Happy belated new year to all my readers; I hope that you all have a very happy and successful new year in 2011.
I had been thinking whilst sitting day dreaming on many many flights over the last few months that it would be nice to write a new book but its hard work of course.
I keep getting asked by people more and more either in person whne teaching or via email etc why I don't do an update of the Oracle security step-by-step guide I did for SANS a long time ago; well two things, SANS dont publish books anymore and also they own the copyright so I couldn't update that book even if i wanted to. Also I don't think I would want to do a simple update anyway as my views on securing data (note I said data and not Oracle) are more focused on three areas not just simple hardening as only covered by the SANS step-by-step; my three areas are:
1) The security patches - small percentage of the whole as at the end of the day from a security auditors point of view you either apply the current patch or you dont. Dont worry I fully get all the financial/time issues around info/regression testing/ downtime ......
2) core hardening - This is what the SANS book focused on. changing well know settings such as utl_file_dir, os_authent_prefix, roles, privileges, default users and more to secure settings
3) The most important part (IMHO) is the bit that should have been done as part of design and implementation; that is to include security of the data and users as part of the application design. Its my experience that mostly this is not done or if it is done its not done any detail or to any depth at all or not very well. This is the area of user design, privilege design, data access design, security design within the database.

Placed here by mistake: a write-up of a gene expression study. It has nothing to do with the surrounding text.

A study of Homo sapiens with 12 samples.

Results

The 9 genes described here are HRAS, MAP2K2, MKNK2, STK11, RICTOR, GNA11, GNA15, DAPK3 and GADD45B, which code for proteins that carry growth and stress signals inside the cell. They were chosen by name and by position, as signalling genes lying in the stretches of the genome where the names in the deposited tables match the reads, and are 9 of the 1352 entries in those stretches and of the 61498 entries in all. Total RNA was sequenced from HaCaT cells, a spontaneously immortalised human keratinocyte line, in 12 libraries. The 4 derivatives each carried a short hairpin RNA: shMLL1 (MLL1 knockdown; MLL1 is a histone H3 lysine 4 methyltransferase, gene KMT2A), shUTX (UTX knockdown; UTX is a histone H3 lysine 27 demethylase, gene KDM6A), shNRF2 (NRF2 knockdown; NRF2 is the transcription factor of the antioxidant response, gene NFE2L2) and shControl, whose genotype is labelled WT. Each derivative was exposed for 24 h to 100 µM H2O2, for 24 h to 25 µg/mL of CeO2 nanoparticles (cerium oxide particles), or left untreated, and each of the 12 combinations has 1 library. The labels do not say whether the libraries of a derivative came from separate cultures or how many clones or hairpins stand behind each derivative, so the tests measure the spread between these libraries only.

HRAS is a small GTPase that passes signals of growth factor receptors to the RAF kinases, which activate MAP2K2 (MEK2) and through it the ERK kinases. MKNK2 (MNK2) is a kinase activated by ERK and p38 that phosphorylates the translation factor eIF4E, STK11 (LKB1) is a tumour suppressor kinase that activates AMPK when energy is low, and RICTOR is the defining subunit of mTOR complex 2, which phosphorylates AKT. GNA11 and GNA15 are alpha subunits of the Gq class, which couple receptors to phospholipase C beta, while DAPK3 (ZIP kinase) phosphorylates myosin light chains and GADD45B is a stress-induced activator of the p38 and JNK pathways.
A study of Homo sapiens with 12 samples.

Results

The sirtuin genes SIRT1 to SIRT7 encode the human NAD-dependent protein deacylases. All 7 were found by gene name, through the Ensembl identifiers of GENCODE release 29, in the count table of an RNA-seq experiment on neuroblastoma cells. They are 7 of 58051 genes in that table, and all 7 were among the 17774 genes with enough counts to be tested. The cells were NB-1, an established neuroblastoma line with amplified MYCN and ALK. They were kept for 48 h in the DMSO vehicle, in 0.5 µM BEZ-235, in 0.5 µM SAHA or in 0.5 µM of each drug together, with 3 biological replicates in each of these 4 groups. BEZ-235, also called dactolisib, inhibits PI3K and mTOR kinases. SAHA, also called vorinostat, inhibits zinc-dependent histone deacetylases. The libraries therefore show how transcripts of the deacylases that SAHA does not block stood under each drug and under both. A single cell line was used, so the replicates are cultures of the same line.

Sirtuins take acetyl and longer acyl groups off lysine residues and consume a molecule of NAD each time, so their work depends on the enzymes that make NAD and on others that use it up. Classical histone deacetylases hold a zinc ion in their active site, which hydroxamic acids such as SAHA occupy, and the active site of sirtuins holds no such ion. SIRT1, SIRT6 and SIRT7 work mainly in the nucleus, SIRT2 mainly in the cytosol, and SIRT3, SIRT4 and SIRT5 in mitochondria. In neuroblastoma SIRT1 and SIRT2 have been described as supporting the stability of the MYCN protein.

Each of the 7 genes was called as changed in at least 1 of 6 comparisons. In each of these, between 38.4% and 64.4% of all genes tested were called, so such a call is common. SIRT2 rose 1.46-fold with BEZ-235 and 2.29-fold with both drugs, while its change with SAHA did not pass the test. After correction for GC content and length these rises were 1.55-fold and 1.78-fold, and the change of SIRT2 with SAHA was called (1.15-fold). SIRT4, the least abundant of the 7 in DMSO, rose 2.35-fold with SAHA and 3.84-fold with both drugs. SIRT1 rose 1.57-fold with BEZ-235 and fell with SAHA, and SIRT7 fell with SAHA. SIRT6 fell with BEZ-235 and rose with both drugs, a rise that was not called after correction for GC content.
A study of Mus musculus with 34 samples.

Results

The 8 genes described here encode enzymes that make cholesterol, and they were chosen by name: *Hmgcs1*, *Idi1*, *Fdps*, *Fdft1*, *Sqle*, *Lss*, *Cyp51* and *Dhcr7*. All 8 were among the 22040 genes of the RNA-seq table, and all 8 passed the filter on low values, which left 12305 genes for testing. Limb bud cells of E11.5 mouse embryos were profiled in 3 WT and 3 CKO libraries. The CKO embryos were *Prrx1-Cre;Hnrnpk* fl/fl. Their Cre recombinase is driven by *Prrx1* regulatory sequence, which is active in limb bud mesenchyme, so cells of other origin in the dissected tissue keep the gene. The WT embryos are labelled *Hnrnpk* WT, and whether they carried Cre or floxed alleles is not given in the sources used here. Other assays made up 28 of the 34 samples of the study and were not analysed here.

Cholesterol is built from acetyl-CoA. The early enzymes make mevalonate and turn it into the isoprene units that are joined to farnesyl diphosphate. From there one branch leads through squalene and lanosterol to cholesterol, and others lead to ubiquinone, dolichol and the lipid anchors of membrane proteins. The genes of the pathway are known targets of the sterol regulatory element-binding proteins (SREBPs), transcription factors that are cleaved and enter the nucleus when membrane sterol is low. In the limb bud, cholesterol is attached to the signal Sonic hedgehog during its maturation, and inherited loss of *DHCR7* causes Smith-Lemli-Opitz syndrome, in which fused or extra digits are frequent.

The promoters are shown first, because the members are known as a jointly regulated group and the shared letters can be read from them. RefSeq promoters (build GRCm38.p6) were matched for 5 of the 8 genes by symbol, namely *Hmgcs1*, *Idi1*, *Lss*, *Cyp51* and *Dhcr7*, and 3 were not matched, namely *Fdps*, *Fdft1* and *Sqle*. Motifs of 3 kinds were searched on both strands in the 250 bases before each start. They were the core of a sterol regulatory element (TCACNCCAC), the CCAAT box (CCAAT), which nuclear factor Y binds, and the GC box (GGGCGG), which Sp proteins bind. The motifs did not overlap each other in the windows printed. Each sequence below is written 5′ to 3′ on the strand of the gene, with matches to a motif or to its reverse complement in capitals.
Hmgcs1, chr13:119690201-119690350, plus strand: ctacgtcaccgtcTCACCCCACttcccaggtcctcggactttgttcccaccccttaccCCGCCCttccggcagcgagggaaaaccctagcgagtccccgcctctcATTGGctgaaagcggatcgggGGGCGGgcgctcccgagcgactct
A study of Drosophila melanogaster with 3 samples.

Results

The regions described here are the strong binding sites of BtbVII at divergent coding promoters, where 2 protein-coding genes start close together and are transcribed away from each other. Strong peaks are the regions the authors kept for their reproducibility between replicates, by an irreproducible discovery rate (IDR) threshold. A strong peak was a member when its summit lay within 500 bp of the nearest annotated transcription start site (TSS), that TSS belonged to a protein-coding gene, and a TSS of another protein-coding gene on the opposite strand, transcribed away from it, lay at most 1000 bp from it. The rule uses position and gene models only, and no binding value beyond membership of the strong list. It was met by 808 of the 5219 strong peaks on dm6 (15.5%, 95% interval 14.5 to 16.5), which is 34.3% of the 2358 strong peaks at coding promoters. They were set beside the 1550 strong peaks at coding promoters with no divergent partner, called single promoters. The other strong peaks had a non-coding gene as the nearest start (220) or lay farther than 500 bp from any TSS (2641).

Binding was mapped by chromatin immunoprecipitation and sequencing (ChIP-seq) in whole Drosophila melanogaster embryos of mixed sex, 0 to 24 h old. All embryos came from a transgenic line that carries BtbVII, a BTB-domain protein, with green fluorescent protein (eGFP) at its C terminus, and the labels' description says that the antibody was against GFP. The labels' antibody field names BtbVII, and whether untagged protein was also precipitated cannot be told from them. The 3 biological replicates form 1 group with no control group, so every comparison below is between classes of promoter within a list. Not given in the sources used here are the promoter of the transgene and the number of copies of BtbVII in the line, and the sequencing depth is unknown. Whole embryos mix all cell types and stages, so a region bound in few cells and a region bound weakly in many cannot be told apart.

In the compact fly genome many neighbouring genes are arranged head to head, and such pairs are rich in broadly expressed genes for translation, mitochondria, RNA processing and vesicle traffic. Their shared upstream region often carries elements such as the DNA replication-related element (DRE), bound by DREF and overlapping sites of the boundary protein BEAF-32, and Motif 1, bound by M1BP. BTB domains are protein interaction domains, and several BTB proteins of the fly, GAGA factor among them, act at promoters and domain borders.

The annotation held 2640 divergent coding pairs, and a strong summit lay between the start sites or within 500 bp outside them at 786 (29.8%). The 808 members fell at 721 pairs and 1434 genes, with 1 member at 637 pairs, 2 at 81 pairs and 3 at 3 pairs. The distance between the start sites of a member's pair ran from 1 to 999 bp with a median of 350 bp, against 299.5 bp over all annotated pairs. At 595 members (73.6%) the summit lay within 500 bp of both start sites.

The first item accounts logically for a small percentage of security issues within the database when viewed from effort/cost not exploitation (at the end of the day you can apply a patch or not - its that simple BUT not from a cost time factor, i appreciate) - its debatable from exploitation angles as well whether this is also true because there are also other limiting factors such as "who" can make direct connections to the database to exploit a public issue. The general hardening accounts for a bigger percentage but certainly not all of the work needed to secure data - the biggest problem with general hardening is that; its general - the hardening guides and books known nothing otu your data or your design.
I would say point 3 the design work and the security that "you as the customer" should have implemented is the bigger part of securing your database. This is probably 60% - 70% of the whole of the work to secure your data. Anyway this is why I think a hardening book like the step-by-step has less value these days. I believe to make data secure the whole approach must be considered.
I said in a recent blog post that I have a back log of items to post about - indeed i have collected these into a list and i hope to find time to talk about a few of these over the coming months but i am already booked out quite a lot of my time on training and consulting into the middle of the year and I am also supporting our product PFCLScan so blogging is going to be fun toi fit in BUT i am determined to do so. I want to try and get back to writing like i did a few years ago with papers like the "exploiting and protecting Oracle" paper i did for Pentest. I liked to write in that style and i have a good list of subjects!
I have just updated the training page and added in the registration links for the class I am going to teach on "how to perform a security audit of an Oracle database" with Opitz Consulting in Thalwil in Switzerland in February. If you can make it there for the class it would be great to meet you there. I have not taught in Switzerland before so I am looking forwards to being there. The Opitz registration page is here please take a look.